Alleged victim in child molestation case speaks at trial in Lawrence
The now-16-year-old girl who said she was repeatedly molested by a Lawrence man spoke in court Tuesday, the first day of testimony in the man’s criminal trial.
The alleged victim’s testimony — in person and in recorded statements she made in 2015, before the man was charged — lasted much of the day in the courtroom of Douglas County District Court Judge Peggy Kittel.
James M. Fletcher, 35, faces five counts of aggravated indecent liberties with a child under 14, felonies that, if he is convicted, could result in multiple life sentences, according to court documents. He was charged with one count in September 2015, and four more counts in May 2016.
Fletcher allegedly molested the girl from December 2012, when the victim was 11, through January 2015, when she was 13, according to the charges.
The girl, a family member of the accused, told the jury on Tuesday that numerous times when she stayed at Fletcher’s house over the course of more than two years, he fondled her breasts under her shirt at night. She said sometimes she was awoken by the action but that she pretended to be asleep, and that afterward she felt “scared.”
“I was confused,” she said, “…because at the time I didn’t understand what he was doing or why.”
The girl said no one else saw the molestation and that she never told anyone until February 2015, after a confrontation between the man and her mother.
On Feb. 9, 2015 — before the then-13-year-old girl was ever interviewed by police — her mother conducted her own interrogation of her daughter and audio-recorded it, with a woman described as their family counselor also present.
In that conversation, played for the jury, the mother said Fletcher came to her house that day and told her he had a sexual attraction to young girls. The mother said Fletcher told her other things that caused her to believe something happened with the girl.
In the recorded conversation, the mother asks her daughter if Fletcher ever did anything that made her feel uncomfortable, and repeatedly urges her to “be honest” and “tell me all of it.” The girl cries intermittently throughout the conversation, and when she asks her mother why she is recording the conversation if she’s going to have to talk to police later anyway, the mother says, “because I’m smart.”
The girl said she’d had dreams of Fletcher touching her in the night, but that she thought they were just dreams.
In the following days, during an interview conducted for police by a professional social worker, the girl said, crying, “I was always pretty sure they weren’t dreams, but I passed them off as dreams to give myself a reason to not have to tell anybody.”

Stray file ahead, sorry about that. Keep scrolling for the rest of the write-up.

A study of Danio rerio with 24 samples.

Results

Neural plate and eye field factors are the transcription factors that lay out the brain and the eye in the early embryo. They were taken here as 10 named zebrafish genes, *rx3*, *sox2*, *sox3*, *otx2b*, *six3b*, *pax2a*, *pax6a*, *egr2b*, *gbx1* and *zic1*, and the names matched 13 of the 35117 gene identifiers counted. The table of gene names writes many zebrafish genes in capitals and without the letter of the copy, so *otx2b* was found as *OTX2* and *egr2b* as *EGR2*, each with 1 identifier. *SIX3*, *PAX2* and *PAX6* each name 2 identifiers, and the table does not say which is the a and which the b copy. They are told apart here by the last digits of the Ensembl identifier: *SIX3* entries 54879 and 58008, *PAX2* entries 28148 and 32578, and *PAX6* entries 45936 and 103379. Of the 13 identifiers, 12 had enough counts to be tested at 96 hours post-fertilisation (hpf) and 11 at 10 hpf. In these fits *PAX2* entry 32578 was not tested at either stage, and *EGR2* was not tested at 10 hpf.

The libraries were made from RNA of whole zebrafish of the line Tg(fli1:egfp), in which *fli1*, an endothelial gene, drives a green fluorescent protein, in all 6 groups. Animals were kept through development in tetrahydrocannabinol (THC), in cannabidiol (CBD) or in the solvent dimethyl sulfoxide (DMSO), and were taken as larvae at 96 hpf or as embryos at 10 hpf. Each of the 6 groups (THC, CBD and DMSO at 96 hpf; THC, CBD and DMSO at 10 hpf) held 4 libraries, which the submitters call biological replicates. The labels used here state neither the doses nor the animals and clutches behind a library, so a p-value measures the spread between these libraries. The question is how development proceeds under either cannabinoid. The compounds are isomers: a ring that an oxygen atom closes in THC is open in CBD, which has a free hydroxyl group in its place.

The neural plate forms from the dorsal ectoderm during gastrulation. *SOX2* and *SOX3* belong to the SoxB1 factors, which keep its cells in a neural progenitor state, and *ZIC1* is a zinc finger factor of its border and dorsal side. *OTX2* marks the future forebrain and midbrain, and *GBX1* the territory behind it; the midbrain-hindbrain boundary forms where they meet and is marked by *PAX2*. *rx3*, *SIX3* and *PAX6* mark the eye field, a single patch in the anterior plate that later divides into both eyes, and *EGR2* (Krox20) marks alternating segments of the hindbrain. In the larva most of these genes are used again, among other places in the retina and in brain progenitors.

In court Tuesday, the girl said the abuse did happen and reiterated that she initially “pretended” it was a dream because it was hard for her to talk about and she feared repercussions it might have on other family members.
“I finally got over it with myself,” she said, responding to questioning from prosecutor Mark Simpson.
According to a 2015 affidavit prepared by police in support of Fletcher’s arrest, Fletcher’s phone contained photos of the girl with her underwear exposed, but he told police that he did not think they were sexual.
Fletcher told police he “was attracted to teenage girls” and might have “a problem,” the affidavit said. He admitted to touching the girl but denied it was inappropriate, telling police “I haven’t done anything, nothing’s happened.”
In pretrial motions filed in court, Fletcher’s defense attorney, Sarah Swain, argued that the girl had given differing accounts of the stated abuse, there were no eyewitnesses, no DNA evidence, Fletcher’s cell phone was obtained by police through an “illegal seizure” and that Fletcher’s statements may have been coerced. Swain also argued in pretrial motions that the girl’s “tumultuous upbringing” and other obstacles merited a psychological evaluation.
In court on Tuesday, Swain cross-examined the girl, questioning her memory of the days she first talked about the alleged abuse as well as the credibility and motives of her mother. Swain asked the girl if she was aware that, in the weeks preceding the police report, her mother had been diagnosed with borderline personality disorder, to which the girl responded no.
Swain also questioned why the girl initially said the alleged encounters were dreams.
“I was not dreaming,” the girl said, adding that early on she was “still processing” the events. “I know that I knew that they weren’t (dreams), but I don’t think I could have said it out loud at that point.”
Fletcher’s trial continues Wednesday.